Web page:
The European Commission has told the UK Treasury that it must quadruple its 5% VAT rate on insulation materials and installations to match the standard 20% rate applied to other products and services. The Treasury is likely to oppose the request, ENDS understands.
The warning has caused widespread concern in the energy efficiency market ahead of the launch of the government’s flagship Green Deal home energy efficiency upgrade scheme (ENDS Report, March 2012). However, the commission has also hinted at a possible compromise.
The commission’s publication of a reasoned opinion on 21 June is the second stage in an infringement procedure. It gives the UK two months to comply or face referral to the Court of Justice of the EU.
The action relates to UK legislation allowing reduced VAT rates on the supply and installation of 'energy-saving materials'. The commission claims this contravenes the 2006 VAT Directive, as the concept is not included on the list of goods and services on which reduced rates are allowable in annex III.
But in an apparent effort at reaching a satisfactory compromise, the commission has also said that reduced rates “may be allowed” under two articles within annex III.
The first of these – article 10 – covers “provision, construction, renovation and alteration of housing, as part of a social policy”. In a response to ENDS, the commission said: “Here it is crucial that the reduced rate applies as part of a social policy. Social policy in the field of housing would include governments' interventions to enhance housing opportunities for low-income persons.”
The other article, 10(a), deals with “renovation and repairing of private dwellings, excluding materials which account for a significant part of the value of the service supplied”. But this excludes materials that account for more than 50% of the total value of the services supplied.
The commission concluded that under these provisions “part of the goods and services that are granted a reduced rate as energy saving materials, may continue benefitting from the reduced VAT rate”.
It added that it had proposed a more general reduction in VAT rates in an amending directive in 2009, which would have applied to the supply and installation of green products. But it said that the European Council had held that reduced VAT rates as an environmental policy tool should be restricted.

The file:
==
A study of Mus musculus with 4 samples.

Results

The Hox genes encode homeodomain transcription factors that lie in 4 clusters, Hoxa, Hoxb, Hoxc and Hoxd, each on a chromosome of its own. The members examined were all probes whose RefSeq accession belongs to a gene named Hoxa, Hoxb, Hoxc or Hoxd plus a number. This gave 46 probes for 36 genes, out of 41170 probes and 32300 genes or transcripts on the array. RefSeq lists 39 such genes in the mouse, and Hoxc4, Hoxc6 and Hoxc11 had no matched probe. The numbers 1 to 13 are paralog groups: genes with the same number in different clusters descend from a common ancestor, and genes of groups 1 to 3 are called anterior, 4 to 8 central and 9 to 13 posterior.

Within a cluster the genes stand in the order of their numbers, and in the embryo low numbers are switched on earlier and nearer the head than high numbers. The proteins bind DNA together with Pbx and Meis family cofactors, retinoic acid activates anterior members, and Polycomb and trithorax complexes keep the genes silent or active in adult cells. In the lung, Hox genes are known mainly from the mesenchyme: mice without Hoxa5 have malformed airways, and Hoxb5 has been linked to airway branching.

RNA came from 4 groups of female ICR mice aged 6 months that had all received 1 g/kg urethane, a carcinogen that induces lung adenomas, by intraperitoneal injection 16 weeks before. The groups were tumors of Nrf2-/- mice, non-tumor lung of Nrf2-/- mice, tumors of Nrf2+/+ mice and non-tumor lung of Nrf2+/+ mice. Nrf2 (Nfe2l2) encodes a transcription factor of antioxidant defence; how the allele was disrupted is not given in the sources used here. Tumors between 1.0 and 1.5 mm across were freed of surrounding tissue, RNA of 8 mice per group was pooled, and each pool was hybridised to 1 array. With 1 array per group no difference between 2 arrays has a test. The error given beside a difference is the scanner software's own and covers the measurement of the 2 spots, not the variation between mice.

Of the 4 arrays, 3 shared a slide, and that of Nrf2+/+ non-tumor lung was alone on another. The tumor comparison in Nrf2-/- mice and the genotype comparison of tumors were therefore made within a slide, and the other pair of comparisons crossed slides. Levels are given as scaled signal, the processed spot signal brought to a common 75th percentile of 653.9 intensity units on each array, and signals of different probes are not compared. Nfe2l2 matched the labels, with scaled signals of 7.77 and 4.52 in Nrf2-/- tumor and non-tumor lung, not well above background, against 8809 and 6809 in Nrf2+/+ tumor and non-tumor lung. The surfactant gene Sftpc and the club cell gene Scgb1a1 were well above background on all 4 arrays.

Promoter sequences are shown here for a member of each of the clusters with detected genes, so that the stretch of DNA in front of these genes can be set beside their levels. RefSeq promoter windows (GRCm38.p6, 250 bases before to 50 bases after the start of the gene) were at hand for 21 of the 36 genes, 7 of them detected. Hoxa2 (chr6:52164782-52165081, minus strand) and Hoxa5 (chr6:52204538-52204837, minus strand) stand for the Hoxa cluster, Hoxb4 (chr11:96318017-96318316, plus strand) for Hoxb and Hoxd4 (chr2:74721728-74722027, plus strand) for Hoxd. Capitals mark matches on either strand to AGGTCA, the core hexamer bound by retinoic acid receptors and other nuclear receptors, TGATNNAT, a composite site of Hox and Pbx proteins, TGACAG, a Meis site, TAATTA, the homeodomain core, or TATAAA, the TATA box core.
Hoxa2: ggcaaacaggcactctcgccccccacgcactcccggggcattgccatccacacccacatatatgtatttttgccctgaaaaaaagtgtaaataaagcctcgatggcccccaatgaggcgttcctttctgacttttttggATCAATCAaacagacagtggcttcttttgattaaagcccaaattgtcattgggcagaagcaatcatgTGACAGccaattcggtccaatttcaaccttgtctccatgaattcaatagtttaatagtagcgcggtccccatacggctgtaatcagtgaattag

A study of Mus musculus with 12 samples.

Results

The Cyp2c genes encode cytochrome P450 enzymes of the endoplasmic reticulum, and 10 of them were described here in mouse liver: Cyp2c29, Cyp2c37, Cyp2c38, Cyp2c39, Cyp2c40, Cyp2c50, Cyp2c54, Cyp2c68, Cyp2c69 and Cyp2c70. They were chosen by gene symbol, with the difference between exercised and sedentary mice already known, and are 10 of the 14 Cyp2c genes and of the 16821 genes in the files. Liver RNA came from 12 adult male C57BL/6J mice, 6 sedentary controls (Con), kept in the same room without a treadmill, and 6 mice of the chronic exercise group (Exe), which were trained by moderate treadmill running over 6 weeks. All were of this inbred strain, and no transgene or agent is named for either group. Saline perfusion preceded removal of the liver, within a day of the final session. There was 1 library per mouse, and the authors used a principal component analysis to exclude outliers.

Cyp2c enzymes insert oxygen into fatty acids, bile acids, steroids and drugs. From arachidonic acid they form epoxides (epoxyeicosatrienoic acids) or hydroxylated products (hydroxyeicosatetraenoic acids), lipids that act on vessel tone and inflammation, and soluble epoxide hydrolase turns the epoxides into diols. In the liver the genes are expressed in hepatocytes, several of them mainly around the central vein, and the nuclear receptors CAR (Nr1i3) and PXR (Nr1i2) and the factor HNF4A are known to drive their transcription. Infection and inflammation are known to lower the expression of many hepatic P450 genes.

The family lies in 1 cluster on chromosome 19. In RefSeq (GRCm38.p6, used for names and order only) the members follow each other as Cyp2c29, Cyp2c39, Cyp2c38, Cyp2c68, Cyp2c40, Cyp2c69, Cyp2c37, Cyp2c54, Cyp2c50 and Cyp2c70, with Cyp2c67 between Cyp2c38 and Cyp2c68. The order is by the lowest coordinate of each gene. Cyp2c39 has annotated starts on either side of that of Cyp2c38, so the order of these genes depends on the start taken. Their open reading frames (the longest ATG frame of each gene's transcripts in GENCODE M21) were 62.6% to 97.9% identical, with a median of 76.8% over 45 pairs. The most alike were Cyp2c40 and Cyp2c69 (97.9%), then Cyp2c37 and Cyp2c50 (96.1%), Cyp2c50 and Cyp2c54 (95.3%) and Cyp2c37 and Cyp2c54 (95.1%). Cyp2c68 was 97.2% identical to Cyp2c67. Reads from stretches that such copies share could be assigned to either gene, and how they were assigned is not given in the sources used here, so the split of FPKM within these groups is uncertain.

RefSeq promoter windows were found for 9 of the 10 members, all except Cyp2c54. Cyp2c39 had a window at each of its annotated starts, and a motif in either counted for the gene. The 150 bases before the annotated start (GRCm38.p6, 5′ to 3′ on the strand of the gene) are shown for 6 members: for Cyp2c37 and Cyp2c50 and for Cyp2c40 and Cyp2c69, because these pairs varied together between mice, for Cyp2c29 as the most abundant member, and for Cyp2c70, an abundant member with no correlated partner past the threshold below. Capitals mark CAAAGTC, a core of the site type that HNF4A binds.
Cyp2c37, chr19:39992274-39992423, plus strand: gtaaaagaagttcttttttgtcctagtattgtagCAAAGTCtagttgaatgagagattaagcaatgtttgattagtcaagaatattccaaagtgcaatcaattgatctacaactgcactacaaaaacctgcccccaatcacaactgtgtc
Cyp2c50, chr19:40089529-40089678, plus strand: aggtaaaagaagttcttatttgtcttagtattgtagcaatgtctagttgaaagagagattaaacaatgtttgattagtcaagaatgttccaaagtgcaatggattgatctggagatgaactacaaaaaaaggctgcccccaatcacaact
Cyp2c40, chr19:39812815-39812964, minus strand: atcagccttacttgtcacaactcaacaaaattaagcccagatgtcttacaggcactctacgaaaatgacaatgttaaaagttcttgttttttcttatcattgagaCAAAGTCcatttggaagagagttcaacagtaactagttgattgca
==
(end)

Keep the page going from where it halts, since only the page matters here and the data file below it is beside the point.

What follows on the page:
The restrictions on green product VAT reductions proposed by the UK caused tensions in 2009 (ENDS Report, February 2009), and could now do so again.
The Treasury told ENDS: “We disagree with the position that they have taken. We obviously wouldn’t have put a reduced rate on energy-saving materials if we thought that the directive didn’t allow it.” It added that it would be studying the commission’s rationale before making a response.
Darryl Croft, senior researcher for the Association for the Conservation of Energy, noted that articles 10 and 10(a) could provide grounds for VAT reduction, but said detailed interpretation is complex.
The real question is whether the energy and climate department (DECC) can redefine its Greed Deal energy efficiency upgrade scheme as part of social policy, he said. The parallel Energy Company Obligation on energy suppliers applies to vulnerable consumers, so should secure a reduction more easily.
Croft also pointed out that if the value of materials accounts for more than 50% of the installation, “you can’t apply the lower rate”.
The implications of higher VAT duties on consumer uptake of the Green Deal and other energy efficiency policies could be serious. Higher duties would be bound to raise costs of measures, but quantifying this is far from straightforward.
The energy and climate department (DECC) has estimated the current market for installation of insulation at £700,000 a year. That would equate to an additional £105m a year in tax, but this takes no account of the potential drop in demand from higher costs and therefore a drop in VAT revenues.
The figure is also based on the current market, which is driven largely by the Carbon Emissions Reduction Target (CERT) obligation on energy suppliers. This ends in December, but once the Green Deal launches in October the market will be driven by consumer demand rather than targets.
Any additional cost would dampen demand and make it harder for measures to meet the Golden Rule, which dictates that monthly loan repayment should at least be matched by savings in energy costs. But any impact would be additional to the large drop in installations of loft, cavity wall and solid wall insulation that DECC has already anticipated from 2013 after CERT ends (ENDS Report, June 2012).
Croft took issue with the principle that energy efficiency products should be taxed at the same rate as energy consumption. He said that, while the commission’s stance may be correct in a narrow legal sense, it runs counter to the EU’s drive to raise energy efficiency.
Lorraine Parkin, head of indirect tax at law firm Grant Thornton, described the commission’s move as “a major blow to the government's Green Deal” if upheld. Energy law expert Peter Feehan, of law firm Pinsent Masons, described the move as “disappointing if not unexpected”.
He added that the company's work on the Green Deal “has shown that the margins on the affordability and viability of schemes is very tight and it will be interesting to understand how this plays out in the industry and the potential impact for Green Deal providers and their supply chain partners”.
Please note this article has been republished with the kind permission of the ENDS Report.